Vandor, who writes a weekly column on real estate law for the Citizen and for 17 years dispensed legal advice to callers on CBC radio, filed for bankruptcy last month. He claimed assets of $102,973 and liabilities of $152,206.
“I feel absolutely terrible,” Vandor said. “I feel bad for the creditors. I feel bad just to be in this situation.”
Being a public figure, he said, “opens you up to more attacks, more scrutiny. You run into business situations and you get scrutinized because of your profile, and you hope to come out and start again.”
All Vandor’s creditors are unsecured. Most are credit card companies — AMEX, Visa, MasterCard and MBNA Canada, a subsidiary of a U.S. bank.
Others include the Canada Revenue Agency, the Rideau Club, Impark Ottawa and Lang Michener, the firm where he worked as an associate until January. The firm claims he owes nearly $48,000.
There will be a creditors’ meeting July 6, Vandor said, likely at the offices of the bankruptcy trustee, Collins Barrow Brown Inc. Trustee David Brown refused comment this week.
Vandor, who has practised law for 27 years, lists few assets — no cash, $11,300 in household furniture and effects, $5,650 in personal effects and just $23 in an RRSP.
His largest “asset” — $86,000 — is an unpaid fee for litigation conducted for a client, which he identified as Doyle Salewski Inc., a bankruptcy trustee firm.
Vandor said his failure to collect that money for work he did in 2005 on the receivership of Primforce Real Estate Investment Inc. is at the root of his financial problems.
“Had they paid me, there would be no issue. It’s not like I lived a lavish lifestyle. You do hard work, you bill someone $86,000, and they don’t pay you.”
Vandor is now suing Doyle Salewski for the money. A civil trial is set for 2010.
However, Brian Doyle, owner and manager of Doyle Salewski, denied that his company owes Vandor anything. “He didn’t act for us personally, and he fails to recognize that,” he said.
Doyle Salewski, in turn, is suing Vandor.
Doyle also questioned Vandor’s claim that his failure to collect the disputed $86,000 triggered his bankruptcy.
“It may sound like a lot of money to some people, but a lot of lawyers would be astonished at that amount of money being the cause of a bankruptcy,” he said. “Lawyers bill many hundreds of thousands of dollars in a year, and normally protect themselves appropriately.”
Vandor also has two large “contingent” creditors, each owed about $300,000 — the Royal Bank and TD Canada Trust.
One is a mortgage on the two-storey 1881 farmhouse near Almonte where he lives. The house, which sits on 40 hectares, is now listed for sale for $976,000.
The house is owned, Vandor said, by a company in which he has an interest. If it sells, he would get some, but not all, of the proceeds.
The other contingent liability relates to a mortgage he guaranteed on his ex-spouse’s property as part of a divorce settlement. The property was recently sold, and if his ex-wife pays off the loan, “it’s not a problem,” Vandor said.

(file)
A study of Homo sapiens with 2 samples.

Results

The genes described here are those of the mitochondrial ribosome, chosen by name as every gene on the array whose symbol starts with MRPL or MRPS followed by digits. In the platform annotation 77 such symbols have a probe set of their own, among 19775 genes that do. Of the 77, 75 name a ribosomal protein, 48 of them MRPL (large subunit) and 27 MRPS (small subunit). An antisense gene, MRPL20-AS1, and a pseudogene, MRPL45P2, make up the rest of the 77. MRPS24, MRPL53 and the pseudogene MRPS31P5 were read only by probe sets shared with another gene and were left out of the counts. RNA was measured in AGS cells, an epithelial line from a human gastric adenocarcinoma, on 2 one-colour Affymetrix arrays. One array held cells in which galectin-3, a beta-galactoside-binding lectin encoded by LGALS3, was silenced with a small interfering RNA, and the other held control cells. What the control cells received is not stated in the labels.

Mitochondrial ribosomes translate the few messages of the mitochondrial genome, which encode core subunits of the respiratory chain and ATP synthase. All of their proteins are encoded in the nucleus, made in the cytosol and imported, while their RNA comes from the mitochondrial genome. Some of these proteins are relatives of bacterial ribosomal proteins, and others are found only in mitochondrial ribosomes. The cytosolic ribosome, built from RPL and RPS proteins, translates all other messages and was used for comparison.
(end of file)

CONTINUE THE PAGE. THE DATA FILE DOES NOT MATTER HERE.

Compounding Vandor’s woes, the Law Society of Upper Canada is investigating complaints against him from his former firm, Lang Michener.
In an e-mail to the Citizen, the law society says Vandor has agreed not to practise law “until the investigations, and any resulting disciplinary proceedings, are concluded.”
Vandor agreed that his legal practice is on hold until the law society issues have been resolved. In the meantime, “I’m allowed to do the media work,” he said. “That’s not a problem.”
According to Vandor, Lang Michener claims he made some disbursements that weren’t authorized by a client, a claim he disputes. Vandor, who has lodged complaints of his own against Lang Michener, says the firm owes him money for billings he generated. The firm disagrees.
Michael Rankin, Lang Michener’s senior managing partner, didn’t want to get into the details of the dispute, saying it was part of “an internal reconciling of accounts” between the firm and the lawyer.
He said Vandor, who had a contractual arrangement with Lang Michener, “wasn’t happy with the arrangement anymore, so he indicated he was moving on.”
Told that, Mr. Vandor laughed. “That’s a fair comment,” he said. “I wasn’t satisfied with the business arrangement. I wasn’t being paid.”
Despite his recent problems, Vandor said he remains upbeat.
“I’m an optimistic person by nature. One way or another, people who owe me money will either pay or settle in some way, shape or form and through the trustee, the people will be paid.”
There is life, he said, after bankruptcy. “It’s not the old debtors’ prison, where they threw you in jail. It’s now a way to start fresh.”
Asked where he’ll live if his house sells, Vandor joked, “I’ll find a trailer somewhere.”